20,000 Ex-Militants Go to School!

The Federal Government had good intentions for granting Niger Delta militants amnesty. Thankfully, the move has effectively stopped the raging restiveness in the region. It also helped, considerably, in the socio-economic development of the area and involved the ex-militants in gainful employment.
Retrospectively, whenever the militants sneezed, the rest of the country caught cold. Their engagement in the kidnapping of expatriate oil workers, destruction of oil pipelines, illegal bunkering, establishment of illegal refineries and other forms of lawlessness seriously affected production of crude and the revenue the country realized from it.
Today, it is no news that the amnesty programme largely assisted in disarmament, demobilisation, rehabilitation and integration of militants. Under the programme, thousands of youths have enrolled for formal education while many others have undergone vocational training within and outside the country.
The emergence of Hon. Kingsley Kuku has brought milestones to the programme. As the Chairman of Presidential Amnesty Programme, Kuku oversaw the disarmament and demobilization of 30,000 ex-agitators in the oil producing communities. This harbinger of peace is currently superintending the skilling and reintegration of these youths into civil society. Kuku’s mandate in this regard is three in one: Disarmament; Demobilization and Reintegration.
The reintegration mandate is nearly completed. The demobilization, carried out in Obubura, Cross River State, entailed biometric documentation, wellness check, non-violence transformational training series of counselling and career classification for the ex-agitators. This phase was concluded in December 2011.
One of Kuku’s cherished principles is that what makes the difference between the rich and the poor nations of the world is the quality of the people not just the resources buried under the ground or water because it is the people that will explore the resources. No wonder, he is vigorously pursuing the third mandate of reintegration through education – formal, informal and acquisition of skills. The Amnesty Office under him has placed over 20,000 demobilized ex-agitators in formal education or skill acquisition centres within and outside the country.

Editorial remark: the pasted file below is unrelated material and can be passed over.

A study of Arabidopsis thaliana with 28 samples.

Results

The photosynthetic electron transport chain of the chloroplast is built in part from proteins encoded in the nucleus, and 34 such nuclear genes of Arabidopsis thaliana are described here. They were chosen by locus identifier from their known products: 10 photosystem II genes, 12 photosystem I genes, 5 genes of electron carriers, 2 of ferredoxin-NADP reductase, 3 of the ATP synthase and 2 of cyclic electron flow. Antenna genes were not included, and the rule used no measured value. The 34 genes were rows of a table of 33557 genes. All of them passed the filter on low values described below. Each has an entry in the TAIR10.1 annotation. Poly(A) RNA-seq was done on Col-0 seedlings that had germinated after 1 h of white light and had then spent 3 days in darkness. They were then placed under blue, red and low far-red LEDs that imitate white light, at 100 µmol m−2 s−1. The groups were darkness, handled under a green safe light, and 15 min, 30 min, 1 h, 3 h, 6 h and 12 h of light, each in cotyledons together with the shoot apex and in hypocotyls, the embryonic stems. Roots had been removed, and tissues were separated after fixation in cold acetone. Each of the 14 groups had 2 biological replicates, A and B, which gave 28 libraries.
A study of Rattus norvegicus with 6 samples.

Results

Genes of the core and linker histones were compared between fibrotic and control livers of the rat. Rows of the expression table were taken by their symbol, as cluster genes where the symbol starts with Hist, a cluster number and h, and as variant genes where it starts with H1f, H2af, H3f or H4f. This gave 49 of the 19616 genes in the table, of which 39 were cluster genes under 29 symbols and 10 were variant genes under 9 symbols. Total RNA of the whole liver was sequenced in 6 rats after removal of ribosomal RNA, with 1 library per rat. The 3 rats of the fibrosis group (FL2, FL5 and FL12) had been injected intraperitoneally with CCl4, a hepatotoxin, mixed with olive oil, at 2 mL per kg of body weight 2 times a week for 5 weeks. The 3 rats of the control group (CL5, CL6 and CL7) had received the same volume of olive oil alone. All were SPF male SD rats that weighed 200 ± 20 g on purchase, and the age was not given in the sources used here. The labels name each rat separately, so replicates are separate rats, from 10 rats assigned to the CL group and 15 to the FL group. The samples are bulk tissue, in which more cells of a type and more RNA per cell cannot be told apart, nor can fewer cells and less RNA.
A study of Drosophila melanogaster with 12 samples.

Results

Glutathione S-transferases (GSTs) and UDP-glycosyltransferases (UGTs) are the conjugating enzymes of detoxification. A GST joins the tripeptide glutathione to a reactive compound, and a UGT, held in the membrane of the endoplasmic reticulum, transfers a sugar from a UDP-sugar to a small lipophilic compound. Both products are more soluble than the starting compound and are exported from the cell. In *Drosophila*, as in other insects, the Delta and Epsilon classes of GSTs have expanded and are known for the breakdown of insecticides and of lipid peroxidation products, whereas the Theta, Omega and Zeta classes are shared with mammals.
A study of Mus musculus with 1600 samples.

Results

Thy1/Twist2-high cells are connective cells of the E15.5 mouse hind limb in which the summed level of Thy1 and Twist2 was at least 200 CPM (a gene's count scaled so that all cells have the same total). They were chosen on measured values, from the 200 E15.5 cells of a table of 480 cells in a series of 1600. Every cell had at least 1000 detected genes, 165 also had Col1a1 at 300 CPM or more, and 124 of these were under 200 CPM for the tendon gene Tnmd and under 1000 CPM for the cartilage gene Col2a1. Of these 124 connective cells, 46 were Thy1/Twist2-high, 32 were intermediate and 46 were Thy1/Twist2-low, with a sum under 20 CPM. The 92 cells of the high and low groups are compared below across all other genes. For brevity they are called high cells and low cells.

The Amnesty Programme has opened a fresh page in reversing the resource curse. In 2008 alone, it was estimated that Nigeria lost over 3 trillion Naira as a result of militancy in the Niger Delta. This ugly situation has been turned around. This resulted in increase in oil production and a corresponding increase in foreign exchange earnings. With peace restored in the region, oil and associated companies reopened shut oil wells. The result is that Nigeria’s oil production increased from 800,000 barrels per day to 2.8 mbpd.
Apart from that, it brought about sustainable peace in the Niger Delta, making the ex-militants to embrace peace. With cessation of hostilities, government assured the international community of Nigeria;s ability to fill its OPEC quota while it should be trusted by major consumer nations to meet its contractual obligations. With renewed confidence in the international oil market, Nigeria started to exercise enormous influence in OPEC and other sub-regional bodies. The increase in Nigeria’s quota of oil production is a result of reduced incidence of kidnapping, which provides the right environment for the repairs of oil and gas infrastructures damaged during the period of militancy. It has also provided ample opportunity for contractors handling developmental projects to fast-track sustainable development in the Niger Delta.
Kuku was involved in the Niger Delta struggle hence he knows the needs of youths in the region. An opinion poll conducted in three states, Ondo, Rivers and Delta, by some concerned Niger Deltans showed that, among all the development agencies that have operated in the region, the Amnesty Programme has created more impact on the lives of the ordinary masses especially youths.
Through the Amnesty Programme, vigorous human capacity building programmes were mounted for the production of intermediate manpower in under-water (Algon welding), piloting, seafaring and marine engineering. Most of the skills and vocations include auto mechanics, boat building, safety programmes and ICT. Impressively, the Amnesty Programme has sponsored Niger Delta youths interested in higher education. The programme has fully paid the fees of ND students studying in the UK, Ukraine, Russia, South Africa and the United States. This gesture is to complement the scholarship programmes initiated by the various states.